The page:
Although many established metasearch markets exist in the region, there is real opportunity for differentiation and innovation in Southeast Asia
In Asian markets like China, India and Japan online travel – and that includes flight and hotels metasearch – is established, flourishing and mirrors global trends.
China’s Qunar, for example, launched in 2004 as a flight and hotel metasearch but quickly emerged into a more hybrid travel play with a strong focus on the higher margin hotels booking segment. According to analysts at the Yale School of Management, in the fourth quarter of 2014 there were “66% more direct sales than platform sales in terms of volume”. And in the longer term, analysts expect this to reach 80%, which explains the expansion of Qunar’s workforce from 2,500 to 7,500 employees in 2014.
In India, the country’s biggest online travel firm MakemyTrip has been around since 2000, first serving the travel needs of US-based Indians returning home to visit family. By 2005 the firm had established a local base and after bedding down set to expanding its armoury of travel related products and services in the region. Holding up a mirror to global diversification trends, in 2011 it acquired Gurgaon-based metasearch play iXigo.
Meanwhile in Japan, one of the world’s most innovative and established travel markets,15-year-old Venture Republic operates the largest domestic metasearch engine with domains Travel.jp and Hotel.jp. In 2012, it experienced 50% user growth versus just 15% from players in the OTA space.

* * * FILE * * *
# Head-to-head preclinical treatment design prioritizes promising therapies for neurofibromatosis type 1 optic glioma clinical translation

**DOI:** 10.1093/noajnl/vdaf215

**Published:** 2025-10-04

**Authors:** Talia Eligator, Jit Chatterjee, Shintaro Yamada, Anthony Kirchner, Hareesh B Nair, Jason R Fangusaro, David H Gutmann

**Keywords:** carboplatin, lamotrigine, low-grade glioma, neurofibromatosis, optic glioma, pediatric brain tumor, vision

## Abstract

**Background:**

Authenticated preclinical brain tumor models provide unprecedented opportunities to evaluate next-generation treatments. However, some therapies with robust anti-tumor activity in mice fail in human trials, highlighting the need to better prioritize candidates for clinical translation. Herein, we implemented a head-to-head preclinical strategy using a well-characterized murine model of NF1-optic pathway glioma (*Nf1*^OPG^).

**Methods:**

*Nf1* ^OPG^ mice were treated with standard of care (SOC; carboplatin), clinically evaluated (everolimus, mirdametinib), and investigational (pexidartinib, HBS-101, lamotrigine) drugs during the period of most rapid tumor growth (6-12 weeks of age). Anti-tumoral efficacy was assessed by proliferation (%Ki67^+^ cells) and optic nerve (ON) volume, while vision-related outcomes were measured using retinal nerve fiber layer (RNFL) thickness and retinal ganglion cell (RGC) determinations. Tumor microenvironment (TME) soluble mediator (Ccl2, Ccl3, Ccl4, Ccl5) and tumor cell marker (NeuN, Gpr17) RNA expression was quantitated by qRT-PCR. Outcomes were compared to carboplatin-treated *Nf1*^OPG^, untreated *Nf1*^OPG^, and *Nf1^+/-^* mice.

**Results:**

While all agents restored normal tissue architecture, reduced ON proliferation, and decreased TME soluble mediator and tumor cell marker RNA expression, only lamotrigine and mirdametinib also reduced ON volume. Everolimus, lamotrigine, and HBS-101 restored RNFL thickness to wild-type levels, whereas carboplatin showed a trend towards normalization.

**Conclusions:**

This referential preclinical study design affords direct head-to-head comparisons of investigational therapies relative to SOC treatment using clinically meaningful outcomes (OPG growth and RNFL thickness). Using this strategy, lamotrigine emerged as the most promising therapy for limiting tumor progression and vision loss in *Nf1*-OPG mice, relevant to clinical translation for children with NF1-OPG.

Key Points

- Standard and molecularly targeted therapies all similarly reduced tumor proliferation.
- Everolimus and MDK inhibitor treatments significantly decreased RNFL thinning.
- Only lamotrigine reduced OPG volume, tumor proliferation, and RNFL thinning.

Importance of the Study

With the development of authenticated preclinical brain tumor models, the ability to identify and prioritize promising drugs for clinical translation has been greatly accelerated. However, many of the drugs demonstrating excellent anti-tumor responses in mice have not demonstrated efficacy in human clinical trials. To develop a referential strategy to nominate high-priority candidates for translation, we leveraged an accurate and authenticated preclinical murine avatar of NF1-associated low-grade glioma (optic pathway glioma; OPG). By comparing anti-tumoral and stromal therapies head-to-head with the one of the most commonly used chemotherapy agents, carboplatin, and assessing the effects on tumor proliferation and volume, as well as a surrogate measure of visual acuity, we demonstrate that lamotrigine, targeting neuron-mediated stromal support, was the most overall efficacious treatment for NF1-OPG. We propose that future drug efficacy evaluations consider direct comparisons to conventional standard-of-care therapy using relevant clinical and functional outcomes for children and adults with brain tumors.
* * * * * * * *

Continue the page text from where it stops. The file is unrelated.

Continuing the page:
Unsurprisingly all these markets have proved attractive for global metasearch firms. UK-based Skyscanner is just one and by 2012 it had established a presence in China through a partnership with search engine Baidu. Later, in 2014, it acquired another – Youbibi, proving that local partnerships are an essential ingredient. Last year, just to tick off another country, Skyscanner linked up with Yahoo Japan in a 51%-49% JV.
Southeast Asia: the addressable market?
In Southeast Asia, where many travel bookings here are still made through traditional travel agents there is plenty of opportunity and room for growth. Here there were over 100-million tourist arrivals in 2015, according to ASEAN, the association of Southeast Asian nations, and nearly 50 million of these came from within the region – most notably from China.
Max Kraynov, CEO and founder of metasearch firm JetRadar, which has headquarters in Thailand, has an interesting view. While he sees huge and growing potential for hotels metasearch in Southeast Asia, he is not convinced of the potential for flights, because “there are no real OTAs to metasearch on”.
“For a meta with flights, the addressable market is small as there’s enormous brand recognition of low-cost carriers and a meta needs to do lots of educational work to capture this brand-loyal audience,” he says.
So, although flight metasearch is JetRadar’s game elsewhere in the world, from its regional headquarters in Thailand, today it operates as an OTA.